LOS ANGELES – Kobe Bryant’s personal trainer Tim Grover has weighed in on the Laker star guard’s ruptured Achilles injury, saying that in his view the injury had nothing to do with the number of minutes Kobe played.

LA Daily News writer Mark Medina spoke with Grover regarding some widespread concern that over-playing Kobe may have led to the season-ending, career-threatening injury.

But Grover thinks otherwise. “It had nothing to do with the minutes he had been playing or anything of that sort,” Grover said in a phone interview with Medina.  “A torn Achilles tendon is a very freaky injury.  It’s just one of those things that just happened.”

Kobe’s injury happened in the fourth quarter of the Lakers’ 118-116 victory Friday night over the Golden State Warriors at Staples Center.  He underwent surgery for the achilles tear on Saturday afternoon.

According to a statement from the Lakers, the surgery was deemed successful, but Kobe is expected to be sidelined for a minimum of 6-9 months as he recuperates.

Kobe’s trainer Grover conceded to Medina the possibility that Bryant’s torn Achilles tendon could have stemmed from the bone spurs in his left foot that he has had “for awhile.”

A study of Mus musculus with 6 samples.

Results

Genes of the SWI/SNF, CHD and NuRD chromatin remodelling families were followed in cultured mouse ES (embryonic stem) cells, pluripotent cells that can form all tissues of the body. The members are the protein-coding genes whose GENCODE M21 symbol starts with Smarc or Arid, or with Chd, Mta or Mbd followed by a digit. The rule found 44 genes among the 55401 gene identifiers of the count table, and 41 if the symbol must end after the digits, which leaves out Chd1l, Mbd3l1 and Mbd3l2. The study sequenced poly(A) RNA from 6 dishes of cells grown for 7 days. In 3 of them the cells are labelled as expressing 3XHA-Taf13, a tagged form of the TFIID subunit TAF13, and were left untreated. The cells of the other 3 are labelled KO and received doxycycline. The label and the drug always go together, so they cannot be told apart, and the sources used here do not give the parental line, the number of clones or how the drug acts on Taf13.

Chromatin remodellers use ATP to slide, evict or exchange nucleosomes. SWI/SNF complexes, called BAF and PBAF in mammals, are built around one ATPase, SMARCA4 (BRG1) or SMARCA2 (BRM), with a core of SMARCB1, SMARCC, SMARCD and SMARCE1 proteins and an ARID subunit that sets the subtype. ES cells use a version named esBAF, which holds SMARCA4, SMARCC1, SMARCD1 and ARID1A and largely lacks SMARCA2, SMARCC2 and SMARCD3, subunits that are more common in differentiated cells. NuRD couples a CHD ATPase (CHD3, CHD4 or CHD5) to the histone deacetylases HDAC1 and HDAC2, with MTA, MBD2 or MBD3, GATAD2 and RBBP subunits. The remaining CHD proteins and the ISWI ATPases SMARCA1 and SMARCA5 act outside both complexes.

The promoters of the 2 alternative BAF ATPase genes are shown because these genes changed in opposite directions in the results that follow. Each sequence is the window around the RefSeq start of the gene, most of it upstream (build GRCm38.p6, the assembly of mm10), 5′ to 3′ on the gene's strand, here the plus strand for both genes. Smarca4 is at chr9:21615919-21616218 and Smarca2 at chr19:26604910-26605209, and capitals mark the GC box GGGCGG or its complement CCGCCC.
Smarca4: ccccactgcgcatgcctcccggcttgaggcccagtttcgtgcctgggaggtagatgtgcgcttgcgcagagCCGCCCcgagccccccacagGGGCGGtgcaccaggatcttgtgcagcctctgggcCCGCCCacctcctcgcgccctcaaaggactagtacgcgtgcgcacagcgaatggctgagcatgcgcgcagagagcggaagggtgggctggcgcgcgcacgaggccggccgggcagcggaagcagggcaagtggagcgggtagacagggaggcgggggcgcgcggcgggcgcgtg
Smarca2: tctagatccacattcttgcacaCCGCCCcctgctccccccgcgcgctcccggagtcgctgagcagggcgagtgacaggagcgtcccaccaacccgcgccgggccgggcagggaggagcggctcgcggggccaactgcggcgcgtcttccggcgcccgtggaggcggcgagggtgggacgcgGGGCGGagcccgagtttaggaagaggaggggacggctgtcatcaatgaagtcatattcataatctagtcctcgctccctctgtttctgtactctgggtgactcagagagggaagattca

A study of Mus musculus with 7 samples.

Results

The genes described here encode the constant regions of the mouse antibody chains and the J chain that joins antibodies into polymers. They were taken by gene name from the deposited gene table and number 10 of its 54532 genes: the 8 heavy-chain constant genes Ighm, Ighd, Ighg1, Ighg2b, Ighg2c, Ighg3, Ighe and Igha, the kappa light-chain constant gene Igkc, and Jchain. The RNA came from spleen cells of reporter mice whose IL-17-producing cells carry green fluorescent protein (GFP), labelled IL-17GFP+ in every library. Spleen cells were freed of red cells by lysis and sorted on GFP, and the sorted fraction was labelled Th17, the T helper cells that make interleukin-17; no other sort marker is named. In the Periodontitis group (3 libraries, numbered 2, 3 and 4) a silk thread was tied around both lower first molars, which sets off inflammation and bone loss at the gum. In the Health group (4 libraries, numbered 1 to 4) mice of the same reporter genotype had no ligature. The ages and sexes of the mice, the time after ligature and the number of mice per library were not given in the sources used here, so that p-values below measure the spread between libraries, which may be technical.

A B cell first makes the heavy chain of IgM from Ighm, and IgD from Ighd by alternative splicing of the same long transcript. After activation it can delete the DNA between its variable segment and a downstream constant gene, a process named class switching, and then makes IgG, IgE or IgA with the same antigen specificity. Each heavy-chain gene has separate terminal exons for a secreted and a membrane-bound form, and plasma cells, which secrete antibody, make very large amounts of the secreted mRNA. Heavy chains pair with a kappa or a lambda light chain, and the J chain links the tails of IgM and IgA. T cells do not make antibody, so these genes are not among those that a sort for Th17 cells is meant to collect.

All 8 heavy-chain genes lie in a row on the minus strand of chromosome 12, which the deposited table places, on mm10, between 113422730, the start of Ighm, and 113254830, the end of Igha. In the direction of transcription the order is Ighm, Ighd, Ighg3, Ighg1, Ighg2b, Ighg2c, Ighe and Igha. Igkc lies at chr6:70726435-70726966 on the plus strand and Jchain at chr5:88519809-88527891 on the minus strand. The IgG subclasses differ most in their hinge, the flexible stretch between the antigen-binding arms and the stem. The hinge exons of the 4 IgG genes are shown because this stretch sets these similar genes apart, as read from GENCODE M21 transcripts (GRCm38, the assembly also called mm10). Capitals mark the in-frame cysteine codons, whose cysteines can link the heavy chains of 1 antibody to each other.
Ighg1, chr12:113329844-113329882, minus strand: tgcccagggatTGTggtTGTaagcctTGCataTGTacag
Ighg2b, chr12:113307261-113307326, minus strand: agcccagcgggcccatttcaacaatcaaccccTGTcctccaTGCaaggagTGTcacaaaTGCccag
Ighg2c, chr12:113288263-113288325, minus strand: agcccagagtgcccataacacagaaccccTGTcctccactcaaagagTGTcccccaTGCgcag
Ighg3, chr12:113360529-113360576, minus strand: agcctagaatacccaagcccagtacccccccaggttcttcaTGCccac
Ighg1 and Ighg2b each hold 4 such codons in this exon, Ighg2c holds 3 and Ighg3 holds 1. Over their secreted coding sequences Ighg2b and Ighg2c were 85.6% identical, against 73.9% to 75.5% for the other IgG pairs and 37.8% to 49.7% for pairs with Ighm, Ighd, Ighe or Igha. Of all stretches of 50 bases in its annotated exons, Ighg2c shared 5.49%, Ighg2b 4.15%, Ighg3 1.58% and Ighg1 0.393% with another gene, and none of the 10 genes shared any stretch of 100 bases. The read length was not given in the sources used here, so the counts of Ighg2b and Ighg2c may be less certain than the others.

But Grover said it’s possible for anyone to sustain the injury through everyday movements like climbing out of bed or stepping off a sidewalk.

“Everybody is trying to look at somebody to blame for it whether it be the coaching staff, Kobe, me or whatever it is,” Grover said.  “But it’s more of a freakish injury than anything else.”

Perhaps more than anyone, Grover has seen the difficult, injury-riddled road Bryant has travelled over the past six seasons.  Grover said Bryant has fought through knee, ankle and finger injuries as well as a concussion.

And Grover admits that Bryant’s latest setback is serious indeed.  Beyond missing the rest of this season, the injury may even impact the final year of his contract in the 2013-14 season.

Grover told Medina that the effects could be as much mental as physical.

“The battle with this kind of injury is it’s going to be from the neck up,” Grover said. “If he decides he wants to do this, it will get done. I’m not worried about the physical part of it. I’m worried about the mental state.”

Still, Grover says he saw one important sign that suggests Bryant will fight through it:  after the injury, Bryant bravely stayed on hand at Staples Center to address the media.

“He did exactly what I’d thought he’d do,” Grover said. “He didn’t run and hide. He faced the media like he does all the time and say what’s on his mind and what he thought about it.”

Grover hopes to aid in Bryant’s recovery in any way he can.  In his recent book “Relentless,” Grover chronicles how he frequently collaborates with Bryant during private workouts and rehab sessions in hopes that it maximizes his healing and play.